A friend recently told me that her mother had been accused of bigotry for suggesting in an archeology journal that knowledge of Christianity was a necessary prerequisite to the study of Latin and Greek texts in the centuries AD. I'm not quite sure of all the details; it seems like a spectacularly stupid accusation, even for an academic to make! But, as we were talking, what struck me was that without a knowledge of Christianity you cannot even understand what Christian atheists talk about.
I was lecturing last week on Pierre-Joseph Proudhon, the so-called 'Father of Anarchy', who claimed to be not merely a methodical atheist (i.e., let's behave as if God doesn't exist) but a contre-atheist (i.e., and let's battle against the God Squad). Now, Proudhon has a most ingenious way of formulating his pro-anarchism. For him, all European political structures are rooted in a model that comes from the Ten Commandments. Oddly enough, in this respect, Proudhon would completely agree with someone like Joseph de Maistre, who himself is often called the 'Father of the Counterrevolution'. But Proudhon's argument is that this formulation of law communicates the notion of an absolute God. Consequently, an absolute God in theology leads to an absolutist Church, an absolutist State, and the absolutist money system of capitalism. That at least is his argument. And since in the scientific age we have now understood that Christianity is wrong, then we must clear out its political and economic residue. Now, that reasoning is itself wrong in about a dozen ways, but the dangerous thing about Proudhon is that he sees the theological basis of these absolutisms (which he opposes naturally) as the result of centuries of development, from the dawn of Christianity to the nineteenth century. And that is where he makes one of his fundamental mistakes.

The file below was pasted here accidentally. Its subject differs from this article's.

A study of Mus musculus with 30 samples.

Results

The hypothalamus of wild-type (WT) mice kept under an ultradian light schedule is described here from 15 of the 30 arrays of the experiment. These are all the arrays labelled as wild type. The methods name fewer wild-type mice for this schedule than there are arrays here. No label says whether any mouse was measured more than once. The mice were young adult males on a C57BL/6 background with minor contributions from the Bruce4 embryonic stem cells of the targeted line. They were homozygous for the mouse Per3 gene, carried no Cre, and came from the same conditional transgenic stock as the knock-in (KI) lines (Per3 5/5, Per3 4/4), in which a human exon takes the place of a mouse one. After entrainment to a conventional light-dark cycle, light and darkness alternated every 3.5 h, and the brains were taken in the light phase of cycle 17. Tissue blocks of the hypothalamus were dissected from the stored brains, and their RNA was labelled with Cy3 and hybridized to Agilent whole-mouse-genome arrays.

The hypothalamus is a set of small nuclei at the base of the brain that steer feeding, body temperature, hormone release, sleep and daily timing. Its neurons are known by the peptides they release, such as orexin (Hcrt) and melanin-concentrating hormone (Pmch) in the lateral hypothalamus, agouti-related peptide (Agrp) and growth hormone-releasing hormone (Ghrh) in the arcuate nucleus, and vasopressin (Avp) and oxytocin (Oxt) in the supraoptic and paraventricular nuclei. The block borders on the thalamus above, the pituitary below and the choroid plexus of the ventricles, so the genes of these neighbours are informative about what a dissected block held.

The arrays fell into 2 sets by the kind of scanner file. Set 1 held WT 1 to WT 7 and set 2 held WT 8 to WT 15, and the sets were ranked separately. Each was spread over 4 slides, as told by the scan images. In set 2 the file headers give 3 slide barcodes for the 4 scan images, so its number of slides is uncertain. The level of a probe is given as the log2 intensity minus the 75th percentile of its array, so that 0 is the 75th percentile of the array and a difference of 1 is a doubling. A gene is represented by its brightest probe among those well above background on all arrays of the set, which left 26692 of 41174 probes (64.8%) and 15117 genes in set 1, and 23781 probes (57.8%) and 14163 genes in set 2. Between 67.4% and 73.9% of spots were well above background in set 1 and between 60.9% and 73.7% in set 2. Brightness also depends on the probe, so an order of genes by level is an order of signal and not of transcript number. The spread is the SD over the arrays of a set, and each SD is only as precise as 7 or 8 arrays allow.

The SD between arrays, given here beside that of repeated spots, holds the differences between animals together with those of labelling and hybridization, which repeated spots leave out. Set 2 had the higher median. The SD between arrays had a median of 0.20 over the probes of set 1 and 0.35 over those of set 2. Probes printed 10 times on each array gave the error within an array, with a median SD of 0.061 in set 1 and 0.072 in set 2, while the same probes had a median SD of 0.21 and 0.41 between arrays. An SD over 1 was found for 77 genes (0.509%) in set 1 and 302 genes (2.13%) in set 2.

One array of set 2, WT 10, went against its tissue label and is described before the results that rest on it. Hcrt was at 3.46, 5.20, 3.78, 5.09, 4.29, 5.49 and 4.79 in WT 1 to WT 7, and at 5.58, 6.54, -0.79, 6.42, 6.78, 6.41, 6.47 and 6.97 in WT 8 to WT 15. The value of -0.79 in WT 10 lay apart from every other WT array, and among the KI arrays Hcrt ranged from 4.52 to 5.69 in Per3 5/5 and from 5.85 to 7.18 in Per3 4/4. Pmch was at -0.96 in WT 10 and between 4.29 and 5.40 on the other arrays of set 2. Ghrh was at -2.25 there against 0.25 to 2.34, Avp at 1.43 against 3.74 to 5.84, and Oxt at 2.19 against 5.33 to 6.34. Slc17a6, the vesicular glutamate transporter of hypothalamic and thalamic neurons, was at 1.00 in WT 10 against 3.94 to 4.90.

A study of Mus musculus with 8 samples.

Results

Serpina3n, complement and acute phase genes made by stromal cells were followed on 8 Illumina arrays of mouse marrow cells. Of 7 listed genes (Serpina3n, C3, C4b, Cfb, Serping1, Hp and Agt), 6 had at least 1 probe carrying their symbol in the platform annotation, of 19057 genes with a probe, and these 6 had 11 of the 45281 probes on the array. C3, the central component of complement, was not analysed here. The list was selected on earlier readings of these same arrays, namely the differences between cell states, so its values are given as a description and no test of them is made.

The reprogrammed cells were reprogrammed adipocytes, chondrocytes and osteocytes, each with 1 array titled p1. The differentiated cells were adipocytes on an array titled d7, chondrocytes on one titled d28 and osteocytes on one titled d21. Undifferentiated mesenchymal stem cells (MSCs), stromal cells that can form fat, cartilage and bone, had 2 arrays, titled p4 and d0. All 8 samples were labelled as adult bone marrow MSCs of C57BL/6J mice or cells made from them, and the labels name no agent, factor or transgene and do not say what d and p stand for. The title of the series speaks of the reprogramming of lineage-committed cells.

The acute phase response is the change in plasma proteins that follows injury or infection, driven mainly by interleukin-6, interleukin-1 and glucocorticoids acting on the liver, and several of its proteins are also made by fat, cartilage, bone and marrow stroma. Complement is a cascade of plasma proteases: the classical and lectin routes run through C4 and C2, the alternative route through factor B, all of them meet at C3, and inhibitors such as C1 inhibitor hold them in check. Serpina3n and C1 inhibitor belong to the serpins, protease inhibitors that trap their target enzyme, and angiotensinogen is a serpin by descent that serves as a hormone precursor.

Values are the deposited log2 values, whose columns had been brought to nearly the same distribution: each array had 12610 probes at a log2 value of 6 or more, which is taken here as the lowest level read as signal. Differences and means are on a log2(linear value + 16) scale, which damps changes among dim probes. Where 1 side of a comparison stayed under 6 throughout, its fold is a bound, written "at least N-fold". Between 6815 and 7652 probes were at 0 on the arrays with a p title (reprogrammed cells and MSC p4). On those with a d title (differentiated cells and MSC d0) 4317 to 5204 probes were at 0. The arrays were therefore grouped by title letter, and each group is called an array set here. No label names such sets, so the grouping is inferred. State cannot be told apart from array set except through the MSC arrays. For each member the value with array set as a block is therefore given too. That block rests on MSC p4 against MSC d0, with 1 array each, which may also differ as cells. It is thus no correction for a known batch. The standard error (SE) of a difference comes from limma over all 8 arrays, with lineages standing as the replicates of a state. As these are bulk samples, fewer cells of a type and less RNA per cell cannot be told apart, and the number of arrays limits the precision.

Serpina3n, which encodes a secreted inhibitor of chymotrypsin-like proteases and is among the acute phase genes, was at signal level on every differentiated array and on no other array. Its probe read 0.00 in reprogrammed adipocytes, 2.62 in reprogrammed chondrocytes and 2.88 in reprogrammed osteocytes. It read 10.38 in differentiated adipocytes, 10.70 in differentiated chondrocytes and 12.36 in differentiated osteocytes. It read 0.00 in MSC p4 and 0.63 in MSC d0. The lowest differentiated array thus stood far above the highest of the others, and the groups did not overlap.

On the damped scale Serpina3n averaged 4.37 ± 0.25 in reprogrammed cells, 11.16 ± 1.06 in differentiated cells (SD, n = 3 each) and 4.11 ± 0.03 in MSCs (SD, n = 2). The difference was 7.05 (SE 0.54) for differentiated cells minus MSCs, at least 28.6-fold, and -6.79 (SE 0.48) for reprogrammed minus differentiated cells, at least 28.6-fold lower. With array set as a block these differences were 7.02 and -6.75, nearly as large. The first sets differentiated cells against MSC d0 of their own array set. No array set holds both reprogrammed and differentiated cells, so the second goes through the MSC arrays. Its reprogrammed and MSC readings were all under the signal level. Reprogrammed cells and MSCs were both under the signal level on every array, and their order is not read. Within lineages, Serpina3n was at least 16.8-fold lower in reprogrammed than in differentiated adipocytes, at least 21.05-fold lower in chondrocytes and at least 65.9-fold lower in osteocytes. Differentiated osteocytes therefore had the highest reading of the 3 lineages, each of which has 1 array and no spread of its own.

Of course God is absolute in his qualities, but if we understand that absoluteness as a voluntaristic thing - e.g. God's omnipotence means that if God says a circle is a square, then it's a square - then, whatever God we're thinking of, it's not the God of the Catholic tradition. That absolutist God is more like the God of Jean Calvin, damning and predestining with no regard for freewill, and collapsing for justification into circular argumentation: it must be just because God did it, who is entirely just.
As I explained these things to my students, a gleam of understanding came into their eyes. In their schools they've been given a multicultural, Lego-fied model of religion in which God just means a ragbag of distant and ineffable qualities. I'll grant you it takes a closer knowledge of history to realise that the God of Aquinas is not understood the same way as the God of Calvin. After all, Proudhon himself clearly missed the point.
But, coming to my own point, one of the silliest and saddest ironies of the national embarrassment which surrounds Christianity in this country is the ignorance that it necessarily induces about atheism in the west. John Grey has even argued that Richard Dawkins is a kind of Christian; his very atheism smacks of it, is shaped by it, because formulted in reaction to it. Do they not realise they are sawing off the very branch on which they are sitting?
To sum up, how can we understand Proudhon unless we know what God he is talking about? And how can we understand modernity, the modern State, and reaction to it unless we have the means of understanding somebody like Proudhon?
So, give me an atheist over a multiculturalist any day of the week.